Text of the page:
Docs: Heart device might be breakthrough for muscular dystrophy
(HealthDay)—A man with Duchenne muscular dystrophy who received a device to help his heart's left ventricle pump blood throughout his body could represent a breakthrough in the treatment of the disease, according to his doctors.
Jason Williams, 29, of Peebles, Ohio, is believed to be one of the first U.S. patients with Duchenne muscular dystrophy to receive an implanted ventricular assist device, the Cincinnati Children's Hospital Medical Center team said.
Eighty percent of boys and men with Duchenne muscular dystrophy die of heart failure, according to a medical center news release. Due to the severity of their muscle disease, they are not typically candidates for heart transplant or some other treatment options available to patients with other types of muscular dystrophy.
"This is a major milestone in the care of Duchenne muscular dystrophy," Dr. John Lynn Jefferies, director of the heart failure and ventricular assist device programs at the Cincinnati Children's Heart Institute, said in the news release. "This treatment offers the possibility to change the outcome and the lives of these young men in a significant way that has never been realized up until now."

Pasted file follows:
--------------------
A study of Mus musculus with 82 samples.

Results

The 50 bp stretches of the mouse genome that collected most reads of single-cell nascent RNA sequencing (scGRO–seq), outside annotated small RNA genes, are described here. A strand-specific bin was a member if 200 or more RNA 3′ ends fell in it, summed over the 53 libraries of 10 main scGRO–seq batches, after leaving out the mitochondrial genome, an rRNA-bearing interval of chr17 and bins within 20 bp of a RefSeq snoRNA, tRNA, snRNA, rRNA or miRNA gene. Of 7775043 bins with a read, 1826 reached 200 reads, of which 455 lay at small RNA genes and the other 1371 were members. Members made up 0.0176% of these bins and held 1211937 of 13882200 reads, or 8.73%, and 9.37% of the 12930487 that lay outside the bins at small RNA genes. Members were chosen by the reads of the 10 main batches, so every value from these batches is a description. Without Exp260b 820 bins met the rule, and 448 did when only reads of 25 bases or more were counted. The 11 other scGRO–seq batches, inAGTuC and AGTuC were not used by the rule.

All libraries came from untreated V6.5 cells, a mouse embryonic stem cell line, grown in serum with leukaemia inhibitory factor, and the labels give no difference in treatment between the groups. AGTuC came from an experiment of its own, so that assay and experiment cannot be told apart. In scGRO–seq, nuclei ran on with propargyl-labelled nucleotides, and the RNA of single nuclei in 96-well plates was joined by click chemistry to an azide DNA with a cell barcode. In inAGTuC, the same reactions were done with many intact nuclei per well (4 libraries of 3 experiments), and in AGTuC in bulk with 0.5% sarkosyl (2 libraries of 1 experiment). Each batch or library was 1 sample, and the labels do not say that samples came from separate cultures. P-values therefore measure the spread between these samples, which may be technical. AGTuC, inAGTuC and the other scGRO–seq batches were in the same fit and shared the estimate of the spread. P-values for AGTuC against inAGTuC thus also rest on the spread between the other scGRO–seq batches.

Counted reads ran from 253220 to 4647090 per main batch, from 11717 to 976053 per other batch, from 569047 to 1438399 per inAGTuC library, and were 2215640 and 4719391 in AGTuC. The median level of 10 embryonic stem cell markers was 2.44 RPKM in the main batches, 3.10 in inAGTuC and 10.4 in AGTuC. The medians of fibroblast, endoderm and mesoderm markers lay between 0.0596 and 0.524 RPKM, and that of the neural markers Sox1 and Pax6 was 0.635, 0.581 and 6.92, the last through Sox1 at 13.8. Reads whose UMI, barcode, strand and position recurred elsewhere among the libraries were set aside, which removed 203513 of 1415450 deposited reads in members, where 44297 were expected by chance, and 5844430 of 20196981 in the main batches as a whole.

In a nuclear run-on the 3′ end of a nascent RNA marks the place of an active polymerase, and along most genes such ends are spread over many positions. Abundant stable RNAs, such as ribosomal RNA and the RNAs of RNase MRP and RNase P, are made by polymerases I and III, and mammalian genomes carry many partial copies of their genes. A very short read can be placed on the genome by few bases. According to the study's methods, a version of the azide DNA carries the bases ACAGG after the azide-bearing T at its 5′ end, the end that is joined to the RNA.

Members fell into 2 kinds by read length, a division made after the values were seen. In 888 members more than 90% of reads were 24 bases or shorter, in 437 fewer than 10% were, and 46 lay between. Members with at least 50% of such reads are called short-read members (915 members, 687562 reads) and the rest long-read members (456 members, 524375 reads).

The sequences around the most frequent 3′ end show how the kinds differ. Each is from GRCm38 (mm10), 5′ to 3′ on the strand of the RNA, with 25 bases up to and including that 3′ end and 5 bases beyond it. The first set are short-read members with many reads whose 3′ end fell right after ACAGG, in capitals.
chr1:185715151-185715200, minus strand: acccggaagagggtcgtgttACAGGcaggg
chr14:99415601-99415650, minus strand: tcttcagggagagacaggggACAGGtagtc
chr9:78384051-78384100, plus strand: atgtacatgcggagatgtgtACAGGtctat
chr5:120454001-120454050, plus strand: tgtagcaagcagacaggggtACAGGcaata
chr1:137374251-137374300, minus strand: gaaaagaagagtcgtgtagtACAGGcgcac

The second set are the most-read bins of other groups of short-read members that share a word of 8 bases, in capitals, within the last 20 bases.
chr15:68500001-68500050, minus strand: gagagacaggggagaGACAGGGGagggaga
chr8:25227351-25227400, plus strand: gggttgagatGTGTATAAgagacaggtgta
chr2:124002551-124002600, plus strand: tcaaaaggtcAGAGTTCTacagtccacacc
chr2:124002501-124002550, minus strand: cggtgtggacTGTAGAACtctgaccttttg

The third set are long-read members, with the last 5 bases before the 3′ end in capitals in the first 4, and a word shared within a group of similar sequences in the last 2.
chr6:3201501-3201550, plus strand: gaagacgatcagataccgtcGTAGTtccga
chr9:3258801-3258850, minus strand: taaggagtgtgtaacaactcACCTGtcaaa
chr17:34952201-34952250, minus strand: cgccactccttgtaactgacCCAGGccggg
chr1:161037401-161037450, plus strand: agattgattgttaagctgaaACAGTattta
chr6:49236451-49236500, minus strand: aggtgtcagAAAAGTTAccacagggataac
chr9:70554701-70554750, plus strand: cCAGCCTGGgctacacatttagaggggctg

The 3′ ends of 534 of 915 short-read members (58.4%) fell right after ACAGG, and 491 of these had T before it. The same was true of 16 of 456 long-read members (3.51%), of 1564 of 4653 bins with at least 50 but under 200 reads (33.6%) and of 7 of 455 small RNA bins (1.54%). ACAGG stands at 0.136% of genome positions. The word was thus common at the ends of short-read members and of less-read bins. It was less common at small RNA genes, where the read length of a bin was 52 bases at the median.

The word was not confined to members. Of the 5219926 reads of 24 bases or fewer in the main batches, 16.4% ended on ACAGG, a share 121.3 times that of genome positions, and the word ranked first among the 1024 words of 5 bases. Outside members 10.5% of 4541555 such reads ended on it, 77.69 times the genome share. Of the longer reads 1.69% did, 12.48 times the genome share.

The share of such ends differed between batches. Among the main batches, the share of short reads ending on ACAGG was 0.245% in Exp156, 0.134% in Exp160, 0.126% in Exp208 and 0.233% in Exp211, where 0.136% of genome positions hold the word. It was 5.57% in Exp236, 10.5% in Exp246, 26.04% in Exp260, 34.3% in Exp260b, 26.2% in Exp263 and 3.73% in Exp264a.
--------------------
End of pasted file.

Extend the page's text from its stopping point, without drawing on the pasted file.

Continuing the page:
Duchenne muscular dystrophy is an inherited disorder. It affects mostly males and many patients need a wheelchair before the age of 12. Patients with later stages of the disease experience severe difficulty breathing and heart problems, and many patients die in their late teens or early 20s.
Williams explained his decision to receive the ventricular assist device.
"I wanted to live longer with a better quality of life, and help other people—those with Duchenne facing heart failure and death," Williams said in the news release. "I hope that doctors and surgeons can learn from my surgery and my recovery and be able to offer this treatment to other men and boys with Duchenne."
Each year, about 2,500 people worldwide are born with Duchenne muscular dystrophy. By age 21, every Duchenne patient has a heart muscle disease called dilated cardiomyopathy.